The surgeon and the physician’s assistant fully explained what to expect. I expected post-operative pain. You can’t completely replace a worn-out, old knee without having a considerable amount of pain.
As usual after most surgeries, the pain increased after I got home. Pain on the fourth day was worse than the pain I felt the day after surgery. I expected that.
My physical therapists weren’t really concerned about making the pain go away. Their focus was on function. They wanted me to be able to sit on the exam table and flatten my right leg (like that was going to happen).
They wanted me to be able to squat (of all things). They wanted me to able to sit on the exam table, pull my knee up and bend it as much as possible. That’s when I almost whacked a therapist.
Following total knee replacement surgery, I assume everyone complains about physical therapy. It does hurt. I expected it to hurt and I hung in there with all the fine folks at the physical therapy clinic.
We even had a few good laughs over the weeks as my complaints became ever more and more creative.
Eventually, with good therapy and the benefits of time, the pain started to subside. Even now, 14 months after surgery, it hurts some, especially when using the stairs or riding my bike. I expected that.
What I didn’t expect was the numbness.
I was told to expect some numbness around the kneecap, but I thought it would subside with the pain. Now, I remember the surgeon explaining to me that the numbness could last for several years. That means I can expect several more years of my right knee being numb.
A few months ago, I was manually ripping apart an old cabinet that used to hang out in the garage. It was a fairly cheap cabinet — cheap construction and it came apart easily. I wanted to rip all the pieces small enough to fit into our garbage can.
One of the last few pieces was being stubborn. So, I stepped on one chunk of wood, reached down and grabbed the other corner of the cabinet and heaved as hard and as quickly as I could. Immediately, I realized that my left middle finger was caught in the cabinet hinge.
As I heaved, the tip of that finger was smashed, torn and about 85 percent of it was ripped off.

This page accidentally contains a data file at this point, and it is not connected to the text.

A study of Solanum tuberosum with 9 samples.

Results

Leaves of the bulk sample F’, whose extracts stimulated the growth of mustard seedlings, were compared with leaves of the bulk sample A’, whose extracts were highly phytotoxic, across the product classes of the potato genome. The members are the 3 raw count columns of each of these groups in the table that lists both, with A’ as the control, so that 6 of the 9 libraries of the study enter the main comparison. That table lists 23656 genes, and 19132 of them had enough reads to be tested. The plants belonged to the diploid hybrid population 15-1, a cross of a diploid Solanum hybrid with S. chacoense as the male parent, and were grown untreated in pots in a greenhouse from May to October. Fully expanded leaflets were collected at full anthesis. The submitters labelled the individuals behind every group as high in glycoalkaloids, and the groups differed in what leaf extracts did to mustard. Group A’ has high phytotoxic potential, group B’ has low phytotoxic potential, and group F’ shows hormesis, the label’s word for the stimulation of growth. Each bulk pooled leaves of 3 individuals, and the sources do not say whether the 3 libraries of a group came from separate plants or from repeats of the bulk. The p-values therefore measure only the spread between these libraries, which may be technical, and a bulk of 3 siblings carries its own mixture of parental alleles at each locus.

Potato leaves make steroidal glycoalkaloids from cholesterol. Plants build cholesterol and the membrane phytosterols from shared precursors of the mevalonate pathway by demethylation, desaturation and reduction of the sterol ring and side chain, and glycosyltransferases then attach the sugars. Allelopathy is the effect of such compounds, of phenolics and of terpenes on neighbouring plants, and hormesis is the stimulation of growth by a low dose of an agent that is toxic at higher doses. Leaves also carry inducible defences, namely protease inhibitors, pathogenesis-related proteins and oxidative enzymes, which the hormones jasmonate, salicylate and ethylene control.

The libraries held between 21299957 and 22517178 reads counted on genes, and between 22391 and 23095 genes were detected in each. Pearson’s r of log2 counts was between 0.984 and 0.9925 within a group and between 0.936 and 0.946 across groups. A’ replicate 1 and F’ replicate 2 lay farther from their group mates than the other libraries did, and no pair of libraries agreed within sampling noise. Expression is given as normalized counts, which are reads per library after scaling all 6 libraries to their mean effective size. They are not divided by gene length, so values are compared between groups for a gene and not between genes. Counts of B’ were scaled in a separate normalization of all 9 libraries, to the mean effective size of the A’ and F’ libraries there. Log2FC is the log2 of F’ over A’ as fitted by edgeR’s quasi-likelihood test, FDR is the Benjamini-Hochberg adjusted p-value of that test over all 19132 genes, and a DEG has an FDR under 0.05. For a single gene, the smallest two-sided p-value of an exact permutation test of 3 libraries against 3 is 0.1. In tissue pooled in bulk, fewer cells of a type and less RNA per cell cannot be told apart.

Ouch. Well, in reality, I said a lot more than ouch.
My right hand was used to cup the injury and keep the blood from dripping on the floor as I went into the kitchen. Cold water ran over the injury. It took a while for the bleeding and stinging to stop.
Debbie thought I should go the hospital and have a stitch or two put in. Despite having worked in the emergency room for decades, I still hate going there as a patient.
So, I did what any red-blooded, American male would do. A wad of gauze was put over the end of the torn finger and I used a few small strips of masking tape to hold it all tightly in place.
The next day, I changed the dressing using some real bandages and surgical tape. It still hurt like the dickens but seemed to be staying together. It oozed for several more days but seemed to be healing.
Today, a few months later, you would need to know where to look to see the scar. The fingernail is still a little black, but it’s starting to look normal. Except now, the end of my left middle finger is almost completely numb. It really feels weird when I touch my numb knee with my numb finger.
It strikes me as odd that I’ve had two body parts go numb in a little over a year.
What really bothers me is that our country seems to be going numb to the suffering of others.
We are now officially in the 2018 hurricane season. It’s been nearly a year since our own territories in the eastern Caribbean were devastated by back-to-back Hurricanes Irma and Maria.
Since that time, Puerto Rico is still recovering from the storm damage. Eight months after Maria blew across the island, more than 10,000 are still without power. Many communities still need to have safe drinking water shipped in.
Puerto Rico is an American territory. Why haven’t we helped them fully recover?
There are many other situations within our various states, within our own country and within our territories where people are suffering. We could do so much more to help others around the world.
Have our hearts grown numb? I can live with a numb knee or a numb finger, but not a numb heart.
Let us never get numb to the suffering of others. Let’s always be willing to reach out and help.
Randy Riley is former Mayor of Wilmington and a local resident of more than 40 years.